Three fundamental challenges drive the need for reform. First, WHO has found itself overcommitted and overextended. It was in need of selective and strategically focused priorities, which can best reflect the Organization’s comparative advantage and that can guide WHO’s response over the coming years. Secondly, WHO’s role in global health governance and relation to other actors in international health needs to be defined with greater clarity. Thirdly, when faced with new challenges and a rapidly changing environment, it is important for WHO to be able to respond with sufficient speed and agility.
By establishing clear priorities, combined with adopting better governance and management practices, WHO can better serve the global health community. Ultimately, reform enables WHO to more effectively fulfil its constitutional mandate as the “directing and coordinating authority on international health work”.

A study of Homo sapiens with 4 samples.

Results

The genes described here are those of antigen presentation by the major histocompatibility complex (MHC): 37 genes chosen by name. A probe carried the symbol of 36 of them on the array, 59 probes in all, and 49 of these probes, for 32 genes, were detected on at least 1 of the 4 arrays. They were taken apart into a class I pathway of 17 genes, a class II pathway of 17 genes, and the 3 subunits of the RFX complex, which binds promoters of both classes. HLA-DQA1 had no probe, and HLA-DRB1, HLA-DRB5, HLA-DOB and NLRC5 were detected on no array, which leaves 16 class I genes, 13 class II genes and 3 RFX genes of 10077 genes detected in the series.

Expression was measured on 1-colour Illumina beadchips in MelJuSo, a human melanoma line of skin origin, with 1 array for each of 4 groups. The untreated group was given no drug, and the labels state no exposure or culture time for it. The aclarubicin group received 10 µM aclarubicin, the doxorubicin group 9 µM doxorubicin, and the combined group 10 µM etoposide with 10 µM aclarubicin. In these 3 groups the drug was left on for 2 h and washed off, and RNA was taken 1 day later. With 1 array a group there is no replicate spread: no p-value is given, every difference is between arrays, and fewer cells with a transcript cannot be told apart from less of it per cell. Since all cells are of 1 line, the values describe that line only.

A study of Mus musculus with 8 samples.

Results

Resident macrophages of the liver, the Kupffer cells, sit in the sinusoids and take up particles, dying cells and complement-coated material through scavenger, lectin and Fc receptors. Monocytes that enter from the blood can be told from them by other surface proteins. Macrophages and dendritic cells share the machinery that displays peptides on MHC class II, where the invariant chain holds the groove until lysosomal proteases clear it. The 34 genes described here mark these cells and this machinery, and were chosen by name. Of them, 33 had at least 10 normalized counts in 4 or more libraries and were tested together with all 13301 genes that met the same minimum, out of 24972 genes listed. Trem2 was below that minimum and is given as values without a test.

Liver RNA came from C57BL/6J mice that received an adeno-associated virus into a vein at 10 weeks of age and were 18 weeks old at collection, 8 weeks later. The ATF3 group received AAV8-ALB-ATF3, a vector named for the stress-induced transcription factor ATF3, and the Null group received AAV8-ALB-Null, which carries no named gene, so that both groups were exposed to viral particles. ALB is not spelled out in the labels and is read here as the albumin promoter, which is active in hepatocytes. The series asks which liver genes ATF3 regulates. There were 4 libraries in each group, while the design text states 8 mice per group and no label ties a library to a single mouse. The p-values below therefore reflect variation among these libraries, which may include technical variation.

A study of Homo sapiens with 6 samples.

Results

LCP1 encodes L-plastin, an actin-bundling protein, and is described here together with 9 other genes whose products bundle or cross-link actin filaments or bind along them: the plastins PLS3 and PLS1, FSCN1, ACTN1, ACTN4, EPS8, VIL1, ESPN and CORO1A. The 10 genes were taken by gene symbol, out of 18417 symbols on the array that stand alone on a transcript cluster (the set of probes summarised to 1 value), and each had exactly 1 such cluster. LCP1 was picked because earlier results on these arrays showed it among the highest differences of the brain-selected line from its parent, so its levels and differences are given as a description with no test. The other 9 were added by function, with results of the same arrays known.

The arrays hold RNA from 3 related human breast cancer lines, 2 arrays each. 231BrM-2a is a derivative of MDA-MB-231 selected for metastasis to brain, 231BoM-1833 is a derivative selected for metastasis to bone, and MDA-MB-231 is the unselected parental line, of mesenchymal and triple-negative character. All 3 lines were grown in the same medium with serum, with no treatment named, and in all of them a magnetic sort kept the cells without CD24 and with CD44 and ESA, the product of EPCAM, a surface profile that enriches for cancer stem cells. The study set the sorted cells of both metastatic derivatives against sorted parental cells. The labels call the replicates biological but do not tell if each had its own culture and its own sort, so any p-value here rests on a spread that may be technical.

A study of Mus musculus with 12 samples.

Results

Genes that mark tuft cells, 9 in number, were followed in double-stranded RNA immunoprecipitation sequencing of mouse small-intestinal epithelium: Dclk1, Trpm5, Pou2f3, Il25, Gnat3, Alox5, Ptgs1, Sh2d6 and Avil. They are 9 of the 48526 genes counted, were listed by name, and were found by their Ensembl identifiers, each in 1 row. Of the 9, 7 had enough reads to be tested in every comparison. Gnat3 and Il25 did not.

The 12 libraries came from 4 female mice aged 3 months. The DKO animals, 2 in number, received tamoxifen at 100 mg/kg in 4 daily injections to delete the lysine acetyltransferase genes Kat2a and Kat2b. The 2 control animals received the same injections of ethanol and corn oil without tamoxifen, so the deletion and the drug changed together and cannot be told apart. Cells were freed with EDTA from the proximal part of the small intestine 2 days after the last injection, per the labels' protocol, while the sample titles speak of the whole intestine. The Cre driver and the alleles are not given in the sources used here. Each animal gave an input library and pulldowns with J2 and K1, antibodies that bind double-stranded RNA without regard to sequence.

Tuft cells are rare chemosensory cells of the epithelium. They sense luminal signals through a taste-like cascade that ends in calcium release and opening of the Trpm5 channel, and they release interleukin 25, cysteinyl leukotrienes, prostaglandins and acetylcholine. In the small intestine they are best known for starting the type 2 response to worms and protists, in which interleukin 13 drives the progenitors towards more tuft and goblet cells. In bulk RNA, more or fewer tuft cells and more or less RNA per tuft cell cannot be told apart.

The reform process has three objectives:
- Improved health outcomes, with WHO meeting the expectations of its Member States and partners in addressing agreed global health priorities, focused on the actions and areas where the Organization has a unique function or comparative advantage, and financed in a way that facilitates this focus.
- Greater coherence in global health, with WHO playing a leading role in enabling the many different actors to play an active and effective role in contributing to the health of all peoples.
- An Organization that pursues excellence, one that is effective, efficient, responsive, objective, transparent and accountable.
Reform of our work in emergencies
A new stream of reform was established to ensure WHO’s capacity to prepare for and respond to outbreaks and emergencies with health consequences. It cuts across the three aeas of reform and they will all be closely linked and aligned.